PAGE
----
Isaiah 51:1-53:12

“Surely he took up our infirmities and carried our sorrows, yet we considered him stricken by God, smitten by him, and afflicted. But he was pierced for our transgressions, he was crushed for our iniquities; the punishment that brought us peace was upon him, and by his wounds we are healed. We all, like sheep, have gone astray, each of us has turned to his own way; and the Lord has laid on him the iniquity of us all.” ~Isaiah 53:4-6

So who really caused Jesus to suffer and die? Several years ago, after the release of the movie, The Passion of the Christ, Newsweek magazine made this question their cover story—a question that stirred quite a lot of debate, and antagonism.

Did the Jews kill Jesus? Well, in the historical context, the Jewish religious leaders conspired to kill Jesus. Out of jealousy, they plotted to kill Jesus from the very beginning of his ministry right up until they carried it out. Matthew 26:3-4 says,

“Then the chief priests and the elders of the people assembled in the palace of the high priest, whose name was Caiaphas, and they plotted to arrest Jesus in some sly way and kill him.”

And similar indictments are repeated throughout the Gospels at various different times. The Jewish leaders bear responsibility for his death.

But the Biblical record also shows that the Romans were complicit in Christ’s death. The Jewish leaders didn’t want to dirty their hands in this, so they manipulated Pilate, who also, tried to wash his hands of the matter, but couldn’t. John 18:31-32 tells us,

“Pilate said, ‘Take him yourselves and judge him by your own law.’ ‘But we have no right to execute anyone,’ the Jews objected. This happened so that the words Jesus had spoken indicating the kind of death he was going to die would be fulfilled.”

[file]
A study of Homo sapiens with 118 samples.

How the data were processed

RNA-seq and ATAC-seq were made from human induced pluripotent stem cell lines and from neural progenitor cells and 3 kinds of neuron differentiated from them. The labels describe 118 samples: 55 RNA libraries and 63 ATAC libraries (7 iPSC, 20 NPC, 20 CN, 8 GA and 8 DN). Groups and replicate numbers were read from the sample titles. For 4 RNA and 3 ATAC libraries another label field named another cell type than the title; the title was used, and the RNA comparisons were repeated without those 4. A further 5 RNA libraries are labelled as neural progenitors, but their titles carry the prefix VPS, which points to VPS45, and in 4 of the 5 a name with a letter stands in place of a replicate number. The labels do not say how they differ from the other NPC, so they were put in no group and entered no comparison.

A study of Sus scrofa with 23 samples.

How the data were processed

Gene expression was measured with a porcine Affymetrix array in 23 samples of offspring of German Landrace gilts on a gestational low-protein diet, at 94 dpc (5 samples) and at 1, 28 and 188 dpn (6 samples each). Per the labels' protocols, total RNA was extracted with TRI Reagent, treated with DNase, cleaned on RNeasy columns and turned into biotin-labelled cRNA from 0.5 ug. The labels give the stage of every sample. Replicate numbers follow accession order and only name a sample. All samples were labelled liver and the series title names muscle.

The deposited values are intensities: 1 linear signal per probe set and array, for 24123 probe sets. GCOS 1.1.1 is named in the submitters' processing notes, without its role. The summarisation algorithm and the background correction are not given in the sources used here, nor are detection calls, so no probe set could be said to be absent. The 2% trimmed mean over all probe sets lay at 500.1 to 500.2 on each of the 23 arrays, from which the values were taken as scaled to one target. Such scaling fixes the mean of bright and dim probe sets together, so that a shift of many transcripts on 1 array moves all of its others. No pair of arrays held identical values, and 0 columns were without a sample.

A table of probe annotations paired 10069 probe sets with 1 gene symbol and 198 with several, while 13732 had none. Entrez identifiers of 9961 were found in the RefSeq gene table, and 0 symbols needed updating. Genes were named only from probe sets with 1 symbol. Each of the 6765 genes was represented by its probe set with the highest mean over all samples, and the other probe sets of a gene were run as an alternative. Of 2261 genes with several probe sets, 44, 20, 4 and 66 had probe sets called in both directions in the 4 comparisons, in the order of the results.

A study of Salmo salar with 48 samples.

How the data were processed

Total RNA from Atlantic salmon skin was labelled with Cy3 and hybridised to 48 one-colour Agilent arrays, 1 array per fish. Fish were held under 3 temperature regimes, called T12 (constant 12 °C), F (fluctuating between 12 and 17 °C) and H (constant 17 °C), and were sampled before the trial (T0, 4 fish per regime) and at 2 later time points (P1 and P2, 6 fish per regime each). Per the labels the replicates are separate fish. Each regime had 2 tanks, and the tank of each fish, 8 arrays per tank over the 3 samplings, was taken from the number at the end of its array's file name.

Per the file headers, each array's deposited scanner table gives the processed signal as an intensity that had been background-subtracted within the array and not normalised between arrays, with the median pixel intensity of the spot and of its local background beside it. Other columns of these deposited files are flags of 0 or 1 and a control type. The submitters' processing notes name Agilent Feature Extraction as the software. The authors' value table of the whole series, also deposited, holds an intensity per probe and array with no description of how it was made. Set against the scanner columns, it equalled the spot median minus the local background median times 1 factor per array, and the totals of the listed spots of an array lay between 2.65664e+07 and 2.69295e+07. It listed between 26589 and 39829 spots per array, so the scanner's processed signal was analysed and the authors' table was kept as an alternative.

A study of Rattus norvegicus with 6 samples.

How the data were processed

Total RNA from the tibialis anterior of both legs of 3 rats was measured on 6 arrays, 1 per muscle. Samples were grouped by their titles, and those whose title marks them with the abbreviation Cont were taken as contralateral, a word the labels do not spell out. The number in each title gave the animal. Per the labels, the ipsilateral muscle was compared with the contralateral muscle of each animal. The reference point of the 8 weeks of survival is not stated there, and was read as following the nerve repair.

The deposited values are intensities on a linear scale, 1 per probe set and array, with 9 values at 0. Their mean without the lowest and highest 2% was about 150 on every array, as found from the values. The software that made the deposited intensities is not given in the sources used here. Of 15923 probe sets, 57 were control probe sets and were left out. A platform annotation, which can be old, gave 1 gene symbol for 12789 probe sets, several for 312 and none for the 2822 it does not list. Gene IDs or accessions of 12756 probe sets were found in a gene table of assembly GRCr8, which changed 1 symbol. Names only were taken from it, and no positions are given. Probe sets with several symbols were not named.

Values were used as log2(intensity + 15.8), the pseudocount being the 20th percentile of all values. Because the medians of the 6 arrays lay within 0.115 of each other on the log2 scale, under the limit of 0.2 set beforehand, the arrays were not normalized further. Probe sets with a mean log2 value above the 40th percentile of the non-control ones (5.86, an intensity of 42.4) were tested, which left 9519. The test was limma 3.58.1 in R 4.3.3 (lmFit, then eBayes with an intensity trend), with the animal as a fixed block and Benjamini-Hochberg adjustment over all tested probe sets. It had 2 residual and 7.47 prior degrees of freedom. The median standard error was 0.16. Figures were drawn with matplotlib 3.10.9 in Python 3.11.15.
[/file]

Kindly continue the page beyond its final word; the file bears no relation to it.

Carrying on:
The truth of the matter is, the Jews plotted and the Romans carried out the death of Jesus. They were both complicit. And to suggest anything else is to re-write history. You can do that, but the truth remains the truth.

But let’s be clear about something: If Jesus had been born in Paris, Phnom Penh, Pretoria or Portland, it would have been the people in those places who caused the Messiah to suffer and die. Why? Because in reality, it wasn’t the Jews or the Romans, it was the sin of mankind—our sin—that put him on the cross. The Bible is clear that we’ve all sinned and fallen short of the glory of God, and that the wages of our sin is death. And it took Jesus, the perfect, sinless God-man to pay the cost of our sins to deliver us from eternal death. I Peter 3:18 says,

“For Christ died for sins once for all, the righteous for the unrighteous, to bring you to God.”

But in a way that defies human reason and explanation, the truth is that God was responsible for Jesus’ death. Peter said in Acts 2:23, “Jesus was handed over to you by God’s set purposes and foreknowledge, and you, with the help of evil men, put him to death by nailing him to the cross.” Further, Isaiah 53:10 points out,

“It was the Lord’s will to crush him and cause him to suffer… the Lord makes his life a guilt offering.”

The message of the cross is that we all put Jesus there…it was our sin. And out of the great kindness and love of God, he sent his Son to pay the cost for us all. “For God so loved the world, that he gave his only begotten Son, that whosoever believed in him should not perish but have everlasting life.” (John 3:16)

Who killed Jesus? I did! Who was responsible? It was ordained in the eternal counsels of a foreknowing God. Who did it? Jesus said, “I lay down my life, and I take it up again.” He did it because he loved you and me!

When you consider the cross and realize the awful price that Jesus paid, out of love, to bring us life, how can we not want to give him our very best, our very lives, in return?

Who made Jesus suffer and die? Lots of people—including me. But I’m so glad he was willingly pierced for my transgressions and crushed for my iniquities; that the punishment that brought me peace was upon him. Why? Because it is by his wounds I am healed—now and for all eternity!

“Even Christ pleased not Himself…. As man He ever moved for God. As God He ever moved for man.” ~Geoffrey T. Bull

Reflect and Apply: Read Isaiah 53:1-12 reflectively—and pause to give thanks for such great love.